More than 12 million people were affected when Cyclone Phailin battered the east coast of India on 12 October 2013. The states of Odisha and Andhra Pradesh were hit hardest.
Our partners responded immediately. Over the last year we have reached more than 116,000 people in some of the worst affected and most isolated areas.
Prakash Nayak received training in carpentry, gaining essential skills to help rebuild his community.
Our emergency response
In the immediate aftermath, our partners reached more than 76,000 people with emergency relief.
Items included food, sleeping mats, blankets and emergency shelter kits, comprising a tarpaulin, groundsheet, ropes and a solar lantern.
In the first few days, Church Auxiliary for Social Action (CASA) ensured almost 12,000 people received cooked meals or dry rations.
'In emergencies such as this, it is the poor and marginalised who are most affected,' says Dipankar Patnaik, our Regional Emergency Manager.
'Without assets to fall back on, households find it extremely difficult to meet their basic needs.'
Since Cyclone Phailin, we and our partners have been supporting people to rebuild their homes and livelihoods.
Rebuilding homes and livelihoods
With support from ECHO (European Commission Humanitarian Aid) our local partners, Visionaries of Creative Action for Liberation and Progress (VICALP) and Sustainable Environment and Ecological Development Society (SEEDS), reached more than 40,000 people.
Cash grants were allocated, rice farmers were given seeds and water treatment systems were installed at community water points, ensuring access to safe, clean drinking water.
Village masons received tools, as well as training in carpentry and the construction of disaster resilient homes.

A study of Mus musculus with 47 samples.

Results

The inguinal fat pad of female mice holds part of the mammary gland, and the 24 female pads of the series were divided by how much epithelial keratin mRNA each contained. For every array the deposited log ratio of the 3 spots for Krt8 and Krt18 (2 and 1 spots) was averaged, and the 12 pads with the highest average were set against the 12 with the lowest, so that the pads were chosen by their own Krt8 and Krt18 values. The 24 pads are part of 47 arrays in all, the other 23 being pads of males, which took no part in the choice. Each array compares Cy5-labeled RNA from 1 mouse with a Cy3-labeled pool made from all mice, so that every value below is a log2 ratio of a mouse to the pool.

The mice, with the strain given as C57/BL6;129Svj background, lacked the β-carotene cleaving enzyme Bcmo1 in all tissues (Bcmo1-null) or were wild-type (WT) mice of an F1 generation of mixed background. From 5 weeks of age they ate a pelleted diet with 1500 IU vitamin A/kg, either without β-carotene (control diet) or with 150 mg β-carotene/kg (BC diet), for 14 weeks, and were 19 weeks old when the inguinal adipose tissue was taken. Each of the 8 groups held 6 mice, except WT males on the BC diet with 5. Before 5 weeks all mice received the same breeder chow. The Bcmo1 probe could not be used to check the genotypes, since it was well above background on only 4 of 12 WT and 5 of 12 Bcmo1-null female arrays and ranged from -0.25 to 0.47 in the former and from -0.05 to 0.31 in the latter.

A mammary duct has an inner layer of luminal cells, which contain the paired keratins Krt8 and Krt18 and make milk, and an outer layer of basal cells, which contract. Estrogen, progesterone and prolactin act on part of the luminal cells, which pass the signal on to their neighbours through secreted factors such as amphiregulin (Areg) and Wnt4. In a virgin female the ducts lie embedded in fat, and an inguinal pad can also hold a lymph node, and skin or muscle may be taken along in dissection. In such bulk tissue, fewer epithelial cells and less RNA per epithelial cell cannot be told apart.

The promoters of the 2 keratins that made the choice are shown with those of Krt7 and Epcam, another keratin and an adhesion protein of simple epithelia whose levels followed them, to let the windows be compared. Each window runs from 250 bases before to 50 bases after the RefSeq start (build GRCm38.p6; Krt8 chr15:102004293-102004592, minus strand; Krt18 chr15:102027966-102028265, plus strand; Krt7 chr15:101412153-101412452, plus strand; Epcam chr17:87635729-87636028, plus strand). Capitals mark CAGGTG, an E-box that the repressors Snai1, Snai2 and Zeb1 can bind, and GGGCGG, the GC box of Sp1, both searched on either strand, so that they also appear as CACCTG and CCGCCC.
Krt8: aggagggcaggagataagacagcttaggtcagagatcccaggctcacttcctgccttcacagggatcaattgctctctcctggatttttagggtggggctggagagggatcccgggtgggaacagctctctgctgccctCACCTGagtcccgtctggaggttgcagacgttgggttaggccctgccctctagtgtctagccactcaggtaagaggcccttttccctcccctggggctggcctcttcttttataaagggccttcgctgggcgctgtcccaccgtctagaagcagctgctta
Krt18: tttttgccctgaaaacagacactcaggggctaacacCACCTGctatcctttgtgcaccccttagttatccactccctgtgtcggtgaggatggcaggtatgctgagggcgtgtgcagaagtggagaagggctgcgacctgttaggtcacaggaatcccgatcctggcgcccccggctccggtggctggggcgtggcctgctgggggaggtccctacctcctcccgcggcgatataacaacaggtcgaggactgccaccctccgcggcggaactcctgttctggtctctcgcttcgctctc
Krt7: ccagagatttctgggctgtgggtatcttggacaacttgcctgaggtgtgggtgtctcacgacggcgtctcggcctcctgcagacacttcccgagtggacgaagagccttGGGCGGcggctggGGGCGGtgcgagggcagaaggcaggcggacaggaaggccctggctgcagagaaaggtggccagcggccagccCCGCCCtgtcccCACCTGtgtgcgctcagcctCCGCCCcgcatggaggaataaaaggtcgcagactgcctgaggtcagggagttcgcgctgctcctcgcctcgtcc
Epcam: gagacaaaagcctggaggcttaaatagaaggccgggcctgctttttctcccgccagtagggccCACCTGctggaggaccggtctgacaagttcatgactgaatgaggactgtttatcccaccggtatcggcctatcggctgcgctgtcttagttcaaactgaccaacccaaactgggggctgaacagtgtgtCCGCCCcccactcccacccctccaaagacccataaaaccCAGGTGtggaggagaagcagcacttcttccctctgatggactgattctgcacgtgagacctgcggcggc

The skills they gained helped to rebuild homes devastated by the cyclone, while the cash-for-work projects provided a vital source of income for those involved.
‘Early warning systems in the area ultimately saved thousands of lives.'
Prepared for disaster
The last time a storm of this magnitude smashed into Odisha’s coastline was 14 years ago.
The 1999 cyclone devastated homes and infrastructure, killing more than 10,000 people.
While any loss of life is a tragedy, this time the death toll was much lower - 43 people were killed.
Dipankar adds: ‘While every cyclone is unique in its intensity, path and impact, much can be said for the thorough planning and preparedness of communities in its path.
‘Early warning systems in the area have proved very effective. They have ultimately saved thousands of lives.’
Life-saving search and rescue
Christian Aid partners have been working with the coastal communities in Odisha and Andhra Pradesh for almost two decades.
They have established an extensive network of Disaster Management Task Forces all along the coast.
They have increased the resilience of coastal communities, preparing them for emergencies such as Cyclone Phailin, as well as teaching them about life-saving search and rescue activities, and the importance of having available stockpiles of emergency relief supplies.